If you live in an academic world like I do, commencements come around annually. Actually, some bigger schools have more than one commencement per year. By now I have done countless commencements. It would be interesting to know how many students I have seen walk across the stage to shake someone’s hand (usually the President’s hand) and receive a diploma. I am always happy for them.
Commencements have a great deal of ritual that makes the ceremony more interesting. One of the obvious rituals is the school’s alma mater. Not all of these songs are great music, but they do have interesting phrases about the history and hopes of the school. There are also other distinguishing features that help the graduates feel a sense of connection to their schools.
I have “heard” too many speeches at commencements! Many of those speeches were given by some rich people who would be given an honorary degree. Of course, I understand any school’s need for outside financial resources. I understand the need to cultivate good will in the community and positive vibes for the school. I am not cynical about the function of these speeches nor the honorary degree given. They simply are part of the commencement scene.
However, commencements are fairly complex affairs if you exam them. Naturally the centerpiece of the commencement is the diploma. Diplomas are crafted for an institution to indicate a particular person has satisfied the requirements for a particular degree. The Bachelor’s degree is typically the first college degree. If I have a Bachelor of Arts (B.A.) degree, my personalized diploma will attest to that. It will have my name, date, and signatures of two of the dignitaries of the college or university. The diploma becomes a symbol. I can hang it on my wall or in my home.
When someone comes into my home or office and sees my diploma, it instantly communicates to the person that I am a graduate. It “tells” them that I have done the requisite work to have earned the degree. It validates me. It is a guarantee of sorts. I never thought about it before, but in a way it is like a warranty for a car or other appliance. It testifies that I have learned and I am capable.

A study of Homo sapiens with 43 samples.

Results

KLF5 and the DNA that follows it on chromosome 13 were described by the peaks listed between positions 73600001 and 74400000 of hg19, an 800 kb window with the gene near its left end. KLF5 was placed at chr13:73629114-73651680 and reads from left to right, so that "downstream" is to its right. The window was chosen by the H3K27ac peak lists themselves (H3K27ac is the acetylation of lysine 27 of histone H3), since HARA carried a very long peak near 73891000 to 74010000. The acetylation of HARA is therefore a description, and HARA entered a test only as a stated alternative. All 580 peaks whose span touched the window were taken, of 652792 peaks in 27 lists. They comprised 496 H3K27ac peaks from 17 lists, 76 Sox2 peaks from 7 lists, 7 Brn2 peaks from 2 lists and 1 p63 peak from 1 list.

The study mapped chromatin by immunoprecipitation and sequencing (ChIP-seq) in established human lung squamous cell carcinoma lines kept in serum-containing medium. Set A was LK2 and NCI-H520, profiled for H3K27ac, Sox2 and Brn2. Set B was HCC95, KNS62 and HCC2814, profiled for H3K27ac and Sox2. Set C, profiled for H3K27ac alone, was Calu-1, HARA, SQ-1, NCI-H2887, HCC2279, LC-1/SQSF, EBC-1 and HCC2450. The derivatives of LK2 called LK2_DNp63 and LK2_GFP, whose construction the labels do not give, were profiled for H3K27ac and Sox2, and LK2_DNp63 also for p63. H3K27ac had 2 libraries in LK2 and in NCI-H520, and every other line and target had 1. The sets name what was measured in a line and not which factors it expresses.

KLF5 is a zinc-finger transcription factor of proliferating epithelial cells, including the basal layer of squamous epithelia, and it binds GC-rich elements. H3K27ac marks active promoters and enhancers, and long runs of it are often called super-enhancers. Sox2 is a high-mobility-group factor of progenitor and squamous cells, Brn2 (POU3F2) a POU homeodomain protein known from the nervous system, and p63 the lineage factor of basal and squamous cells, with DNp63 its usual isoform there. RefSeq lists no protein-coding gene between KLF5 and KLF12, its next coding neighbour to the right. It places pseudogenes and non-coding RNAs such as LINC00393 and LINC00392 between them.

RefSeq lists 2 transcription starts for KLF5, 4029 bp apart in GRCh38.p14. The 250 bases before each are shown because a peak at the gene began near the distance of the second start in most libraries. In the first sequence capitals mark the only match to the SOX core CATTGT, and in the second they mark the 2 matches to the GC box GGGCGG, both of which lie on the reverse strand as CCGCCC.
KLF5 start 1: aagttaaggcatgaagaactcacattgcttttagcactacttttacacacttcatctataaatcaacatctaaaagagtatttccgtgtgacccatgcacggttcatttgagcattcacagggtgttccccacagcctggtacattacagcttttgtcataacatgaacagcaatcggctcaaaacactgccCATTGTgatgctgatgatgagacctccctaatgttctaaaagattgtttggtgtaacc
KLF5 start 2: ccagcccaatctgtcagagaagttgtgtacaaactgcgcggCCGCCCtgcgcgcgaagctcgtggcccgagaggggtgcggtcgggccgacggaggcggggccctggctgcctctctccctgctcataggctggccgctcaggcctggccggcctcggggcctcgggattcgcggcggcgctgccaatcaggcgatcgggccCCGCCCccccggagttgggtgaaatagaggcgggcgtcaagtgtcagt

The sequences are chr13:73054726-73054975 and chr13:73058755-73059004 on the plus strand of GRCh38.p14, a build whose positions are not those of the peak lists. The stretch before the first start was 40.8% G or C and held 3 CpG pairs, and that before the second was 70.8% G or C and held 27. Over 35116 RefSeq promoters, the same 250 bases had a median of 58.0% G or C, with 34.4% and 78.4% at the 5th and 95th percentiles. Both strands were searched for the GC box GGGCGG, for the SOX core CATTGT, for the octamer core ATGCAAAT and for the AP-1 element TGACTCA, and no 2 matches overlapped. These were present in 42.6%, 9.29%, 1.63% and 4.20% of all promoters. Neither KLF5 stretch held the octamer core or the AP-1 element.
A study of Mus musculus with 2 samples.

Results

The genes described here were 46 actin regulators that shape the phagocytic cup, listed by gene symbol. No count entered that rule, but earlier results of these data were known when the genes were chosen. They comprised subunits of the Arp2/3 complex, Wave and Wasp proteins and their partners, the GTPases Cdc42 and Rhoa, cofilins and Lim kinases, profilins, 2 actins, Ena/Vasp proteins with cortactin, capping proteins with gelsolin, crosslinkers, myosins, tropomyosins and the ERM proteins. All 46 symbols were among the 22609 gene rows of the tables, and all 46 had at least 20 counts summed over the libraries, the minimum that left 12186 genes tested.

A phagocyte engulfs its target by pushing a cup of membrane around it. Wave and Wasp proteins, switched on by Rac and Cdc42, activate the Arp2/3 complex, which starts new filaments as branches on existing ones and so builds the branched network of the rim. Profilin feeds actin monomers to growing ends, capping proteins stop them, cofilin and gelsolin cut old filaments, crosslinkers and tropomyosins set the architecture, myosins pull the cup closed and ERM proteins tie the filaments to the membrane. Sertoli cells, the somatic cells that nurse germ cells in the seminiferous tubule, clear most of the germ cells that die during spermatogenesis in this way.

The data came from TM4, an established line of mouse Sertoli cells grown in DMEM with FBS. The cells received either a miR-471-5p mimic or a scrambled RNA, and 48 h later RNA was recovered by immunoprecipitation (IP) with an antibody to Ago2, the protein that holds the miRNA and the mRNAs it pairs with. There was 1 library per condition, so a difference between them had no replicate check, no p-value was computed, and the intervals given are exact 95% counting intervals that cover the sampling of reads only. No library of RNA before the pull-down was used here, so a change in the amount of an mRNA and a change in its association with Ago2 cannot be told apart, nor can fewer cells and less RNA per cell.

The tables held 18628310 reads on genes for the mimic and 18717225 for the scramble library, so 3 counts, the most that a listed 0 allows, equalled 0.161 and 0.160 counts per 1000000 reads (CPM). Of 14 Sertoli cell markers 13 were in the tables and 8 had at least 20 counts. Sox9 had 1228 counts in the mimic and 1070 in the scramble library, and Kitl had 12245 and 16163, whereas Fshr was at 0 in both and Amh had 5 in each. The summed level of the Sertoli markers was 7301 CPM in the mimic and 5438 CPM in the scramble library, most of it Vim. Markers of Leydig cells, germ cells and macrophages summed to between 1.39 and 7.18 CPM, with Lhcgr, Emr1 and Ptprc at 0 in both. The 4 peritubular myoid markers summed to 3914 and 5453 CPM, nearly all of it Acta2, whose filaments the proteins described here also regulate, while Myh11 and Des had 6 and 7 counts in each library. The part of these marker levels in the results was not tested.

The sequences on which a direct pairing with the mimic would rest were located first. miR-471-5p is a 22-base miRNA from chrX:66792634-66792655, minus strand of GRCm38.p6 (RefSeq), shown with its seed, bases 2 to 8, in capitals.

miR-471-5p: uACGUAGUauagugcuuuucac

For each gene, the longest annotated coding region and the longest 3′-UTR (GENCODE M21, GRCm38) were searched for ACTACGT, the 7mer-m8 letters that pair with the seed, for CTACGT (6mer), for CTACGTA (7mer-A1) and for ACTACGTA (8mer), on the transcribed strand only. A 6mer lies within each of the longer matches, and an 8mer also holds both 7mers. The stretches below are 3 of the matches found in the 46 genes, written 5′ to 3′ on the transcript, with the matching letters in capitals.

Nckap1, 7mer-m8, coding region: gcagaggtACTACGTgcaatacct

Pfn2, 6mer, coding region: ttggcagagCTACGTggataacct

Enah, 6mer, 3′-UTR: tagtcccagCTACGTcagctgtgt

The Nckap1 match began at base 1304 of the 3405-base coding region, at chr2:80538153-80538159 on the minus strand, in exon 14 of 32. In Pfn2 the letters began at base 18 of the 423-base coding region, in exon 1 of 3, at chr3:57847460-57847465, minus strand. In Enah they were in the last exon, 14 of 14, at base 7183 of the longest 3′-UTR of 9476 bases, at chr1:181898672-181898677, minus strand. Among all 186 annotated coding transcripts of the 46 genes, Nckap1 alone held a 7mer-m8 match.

But that is precisely where it can be misleading. And at a commencement, nobody talks about how misleading the diploma might be. Commencements celebrate and honor all the achievements of the graduates. And this is appropriate. I have no problem with that. I have a few degrees of my own and theoretically they validate me.
What worries me a bit is not the commencement, but the diploma. I like academic commencements. I like the ritual, the hoopla, and the festivities. I approve of all the accolades offered to students. I approve of all that commencements aim to celebrate and symbolize.
What worries me is the diploma. I worry a bit that it often promises more than the person can deliver. It seems to me the diploma suggests that because someone took “x” number of classes and fulfilled all requirements that he or she is capable of all that the degree promises. I am cynical enough to think that passing classes is not the same thing as education. And education, after all, is what college is all about.
Allow me to interpret what I would hope a diploma suggests and, perhaps, promises. I would hope a diploma says that someone has spent enough time in a college setting that he or she knows how to learn. And more importantly, the diploma should say that learning is a life-long endeavor. I would hope it promises the holder of the diploma is committed to doing all the college-kind of things that further the holder’s educational effectiveness in the world.
And then the analogy hit me. What if our spiritual pilgrimages were somewhat like school? We might not get diplomas, but often we have to do some specific things to join a church or similar group. Like an academic commencement, this should not signal the end, but the beginning of our deeper journey into our faith.
Something further hit me when I pursued this analogy. I realize I can tell someone that I am a Christian. That is a bit like saying that I am a college graduate. It suggests and promises a great deal that might or might not be true of me. I can say that I am a Christian, but that may be as far as it goes. To say that I am a Christian might not mean that I do one active thing that Christians ought to do. Sadly, I could say that I am a Christian and have no actions that Christians should do…like love, work for justice, etc.
I have enough diplomas. I want to work on my faith. I want to actualize my faith. I want to make my faith more than simply some creedal statement. I want my faith to cash out in some action. Commencements are one-day affairs. My faith is an every-day affair. Tomorrow I have another chance to practice my faith. The word, commencement, means to “begin.” Tomorrow I will commence again…commence to turn faith into action.